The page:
The Chicken and the Egg

When intelligent discussions about politics ensue, the fundamental basis of the discussion is always a question of human nature: it all comes down to how we see the people we are not, “the others.” Conservatives bemoan the creation of a welfare state, and they worry about the old adage about the hungry man. If you keep giving the man a fish, he will never learn to care for himself independently and will forever be a beggar (of course, conservatives in this country don’t really care much about teaching the man how to fish either). Liberals tend to have a wider, more diffuse set of reasons for helping the hungry man, but for them, it is always a question of mercy: for whatever reason, whether self-serving or mutually beneficial or truly altruistic, that man needs the help we can provide.

At face value, the conservative argument seems more compelling and solid. It is simple and logical. Conservatives hate the idea of their tax dollars going to pay for the next box of cheap wine that the bum on the corner is hustling for. Unemployed. Homeless. Dependent. Worse still, perhaps, are the thousands of Americans who could work, but are instead “gaming” the system through “disability,” perpetual “self-inflicted” impoverishment, etc. (These words come straight from the mouths of 15-year-old, Polo-clad teenagers at my high school responding to the question “Would you pay more in taxes for this? Why or why not?” posed by a history teacher.)

However, this fundamental argument lacks an understanding of the impact of sickness, and it is weakly supported by the conveniently muddled “chicken and egg” structure of its argument. Which came first, the poverty or the welfare system? In other words, knowing that there are people who abuse the welfare system, would the same amount of poverty exist if there were no welfare system to perpetuate it? Would providing more welfare worsen the problem or help it? If the government pays for health care for poor people who get sick, would those poor people keep themselves suspended perpetually in poverty to keep reaping the system for benefits? The answer: it doesn’t matter if the chicken or the egg came first. The solution: eliminate one of them – in this case, eliminate the burden of disease on the impoverished, those who cannot afford private health insurance.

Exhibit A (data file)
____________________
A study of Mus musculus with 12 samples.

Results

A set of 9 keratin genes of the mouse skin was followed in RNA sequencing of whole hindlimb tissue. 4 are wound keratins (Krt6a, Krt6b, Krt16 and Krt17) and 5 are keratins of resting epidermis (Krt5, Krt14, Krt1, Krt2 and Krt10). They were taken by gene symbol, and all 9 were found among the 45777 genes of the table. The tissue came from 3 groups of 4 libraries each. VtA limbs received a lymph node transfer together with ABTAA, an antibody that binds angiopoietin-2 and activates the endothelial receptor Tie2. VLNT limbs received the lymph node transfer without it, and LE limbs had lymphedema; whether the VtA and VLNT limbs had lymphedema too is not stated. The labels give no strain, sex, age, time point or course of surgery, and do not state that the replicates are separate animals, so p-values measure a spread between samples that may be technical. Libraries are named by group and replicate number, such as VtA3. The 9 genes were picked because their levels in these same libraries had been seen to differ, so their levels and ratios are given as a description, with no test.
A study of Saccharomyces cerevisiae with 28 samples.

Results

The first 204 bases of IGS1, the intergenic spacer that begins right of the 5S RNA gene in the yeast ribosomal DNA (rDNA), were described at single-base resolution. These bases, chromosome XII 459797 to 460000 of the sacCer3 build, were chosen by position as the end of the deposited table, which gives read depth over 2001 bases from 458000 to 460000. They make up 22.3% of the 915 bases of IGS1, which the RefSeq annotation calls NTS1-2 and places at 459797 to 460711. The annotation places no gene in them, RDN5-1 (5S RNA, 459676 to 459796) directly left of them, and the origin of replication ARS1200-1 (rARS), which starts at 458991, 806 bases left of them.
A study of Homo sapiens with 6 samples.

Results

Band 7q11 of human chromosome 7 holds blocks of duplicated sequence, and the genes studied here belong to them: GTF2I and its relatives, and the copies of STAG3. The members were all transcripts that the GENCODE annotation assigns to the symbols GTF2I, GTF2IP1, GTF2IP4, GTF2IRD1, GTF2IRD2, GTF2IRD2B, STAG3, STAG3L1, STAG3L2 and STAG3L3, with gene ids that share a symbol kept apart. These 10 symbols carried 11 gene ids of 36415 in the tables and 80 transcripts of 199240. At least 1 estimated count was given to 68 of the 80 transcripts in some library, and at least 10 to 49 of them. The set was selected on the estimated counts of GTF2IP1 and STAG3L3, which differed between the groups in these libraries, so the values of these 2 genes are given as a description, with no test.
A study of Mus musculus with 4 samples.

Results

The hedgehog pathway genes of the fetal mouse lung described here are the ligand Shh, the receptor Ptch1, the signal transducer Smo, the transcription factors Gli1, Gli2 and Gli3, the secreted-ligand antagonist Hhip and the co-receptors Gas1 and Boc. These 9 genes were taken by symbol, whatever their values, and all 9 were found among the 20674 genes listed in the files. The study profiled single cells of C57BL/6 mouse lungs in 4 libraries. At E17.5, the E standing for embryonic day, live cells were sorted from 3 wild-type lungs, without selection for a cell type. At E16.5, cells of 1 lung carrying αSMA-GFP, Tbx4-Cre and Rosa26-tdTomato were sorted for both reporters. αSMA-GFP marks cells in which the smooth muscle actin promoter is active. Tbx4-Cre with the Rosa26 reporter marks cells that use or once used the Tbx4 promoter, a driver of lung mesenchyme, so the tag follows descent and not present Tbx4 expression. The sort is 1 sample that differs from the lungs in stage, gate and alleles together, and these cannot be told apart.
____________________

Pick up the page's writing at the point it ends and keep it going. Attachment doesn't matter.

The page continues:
Unlike other burdens of poverty, sickness is pervasive: it affects the mind and its ability to concentrate on working hard and keeping things together, it affects the will to keep fighting for a better life it affects the body and its ability to handle the stresses of labor and discomfort, and more practically, it affects the number of days we work, the type of work we can do, and our performance each day and in trials for career advancement. If you don’t have your own home, you can still try staying with friends or relatives, share housing with roommates, or stay in public housing or shelters. If you don’t have a car, you can still ride public transportation (sometimes) or try to find work close to home. However, if you don’t have health – the basic ability for the body and mind to function normally in our society – then you are subject to the greatest disadvantage and means for disqualification from standard routes for financial stability, independence, and success.

If only our society can remove the inequity of health care disparities, then maybe we can finally come a great deal closer to achieving the equality of opportunity our forefathers sought to promote and protect (and take seriously the typical fallback conservative criticism that people aren’t working hard enough to help themselves).

  1. Eric said:

    I don’t think inequality in health care is a problem. After all, if the goal is to eliminate inequality, how do we equalize access to fitness clubs, access to physical trainers, the best doctors, and the best and latest drugs?

    I think maybe a focus on a more structured, subsidized access to health care, such as stipends to patients for use on medical care, is more important. We just have to live with the fact that we can’t actually pay for everyone’s health care, and instead try to help the poor pay for it as much as we can in the most direct way that we can.

  2. Eva said:

    Perhaps where we are stuck is a focus on medicine. Providing treatment for cancer for the poor is not popular because it’s “not fair.” I think shifting the discussion to health and not just medical or health care, the argument to eliminate poor health by covering the poor would be stronger?